In this guest commentary, author Tim Quast looks back at the history of HFT and how the market has evolved to where many firms now fit the definition of high-frequency trader.


Traders Dig Deep and Reach Out

By Hillary Jackson

Sure, traders can sometimes be loud-even pushy and impatient. Working in a competitive environment at breakneck speed will do that. But despite the quest to make money in a tough business, there's a softer side to traders and trading. It's easy to forget the many traders who devote countless hours to raising money for philanthropic activity.

Count brokerage firms in that mix, as well. Empire Financial Group, Jefferies & Co., and Instinet are but three examples of firms setting aside their trading revenues for a day and donating hundreds of thousands of dollars to their stated causes.

For Gerry Mastrianni, director of trading at Empire Financial Group, the one-day charitable event sponsored by the Orlando-based broker each December is personal. Mastrianni, 40, is a two-time survivor of Hodgkin's disease, which first struck him in 1997 and then recurred in 2002, leading to a successful bone marrow transplant. Now cancer-free, Mastrianni insists that his focus is not on himself, but rather on the children he saw being treated for various cancers while going through his ordeal, and the other children who've been diagnosed since.

"When I was receiving my treatments, my wife and I would see these kids going through it-8- and 12-year-old kids. We wanted to give money to [Florida Hospital Cancer Institute's] pediatric oncology and bone marrow units," Mastrianni said. "When kids progress that far, there's very little hope."

Running his own firm, GMST World Markets Inc., at the time of his last battle with cancer, Mastrianni decided to launch a trading day dedicated to raising money for the Florida Hospital treatment units. After GMST was acquired by Empire a year later, the tradition continued and the money raised annually has increased. Last year, Empire donated $250,000 to the hospital. And on this year's trading day on Dec. 13, Mastrianni hopes to double that amount. "Every dollar we make trading goes to that fund...It's not about me; it's about these kids," he said.

Empire's Trading for a Cure day will take place two months after Jefferies & Co. raised $750,000 for Youth I.N.C., a charity that funds programs for New York City kids. Jefferies has run one-off charitable trading days in the past for event-related causes such as the victims of Sept. 11, 2001, the 2004 tsunami in Asia, and Hurricane Katrina in 2005. Its Trading Day on Oct. 15 has become an annual event for the New York firm, but commissions only go toward the charity if clients direct them there.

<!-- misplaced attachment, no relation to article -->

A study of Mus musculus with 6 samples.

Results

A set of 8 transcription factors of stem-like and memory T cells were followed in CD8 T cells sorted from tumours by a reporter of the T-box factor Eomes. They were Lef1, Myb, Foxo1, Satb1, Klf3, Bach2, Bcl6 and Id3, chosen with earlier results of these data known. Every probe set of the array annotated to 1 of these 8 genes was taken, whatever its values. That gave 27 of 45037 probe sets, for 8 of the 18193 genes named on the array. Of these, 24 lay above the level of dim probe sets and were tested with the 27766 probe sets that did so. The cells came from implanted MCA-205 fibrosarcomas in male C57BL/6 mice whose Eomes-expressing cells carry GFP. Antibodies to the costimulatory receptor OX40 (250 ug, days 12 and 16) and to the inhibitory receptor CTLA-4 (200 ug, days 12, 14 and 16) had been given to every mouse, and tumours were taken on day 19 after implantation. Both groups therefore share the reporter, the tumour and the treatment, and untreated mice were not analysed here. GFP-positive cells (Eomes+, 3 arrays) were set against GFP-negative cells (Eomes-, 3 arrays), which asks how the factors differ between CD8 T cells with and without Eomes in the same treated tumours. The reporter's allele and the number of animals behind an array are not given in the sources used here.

And earlier this year, Instinet celebrated the 20th anniversary of its LDX crossing system-the industry's first-by donating all of the commissions generated from LDX during the first full trading week of the year to Wings Over Wall Street, an organization that funds research for amyotrophic lateral sclerosis (ALS), or Lou Gehrig's disease.

Instinet donated $110,000, slightly more than the amount of commissions typically generated during that week by its end-of-day crossing system, according to Mark Dowd, vice president of corporate communications at Instinet.

"We were familiar with the work that [Wings Over Wall Street] has done and we're always very impressed with its accomplishments," Dowd said, explaining why the firm selected the charity. "We publicized this to our clients: the more you trade with us, the more we're going to donate. We knew clients were very familiar with Wings Over Wall Street."

These three firms are a small example of Wall Street's charitable side, which those involved with say is about feeling good and giving back. Jeff Kaplan, head trader at Deerfield Partners agrees. "There's something extremely powerful about partnering and connecting with others on the Street to make the world a better place," said Kaplan, who also runs a charity-called GOAL-that helps New York inner-city kids. In fact, as the business of trading has gone more electronic and seen increased regulatory scrutiny, charity events have become the glue that keeps traders in touch. "It's great to see old friends," Kaplan said, "and to contribute to a cause at the same time."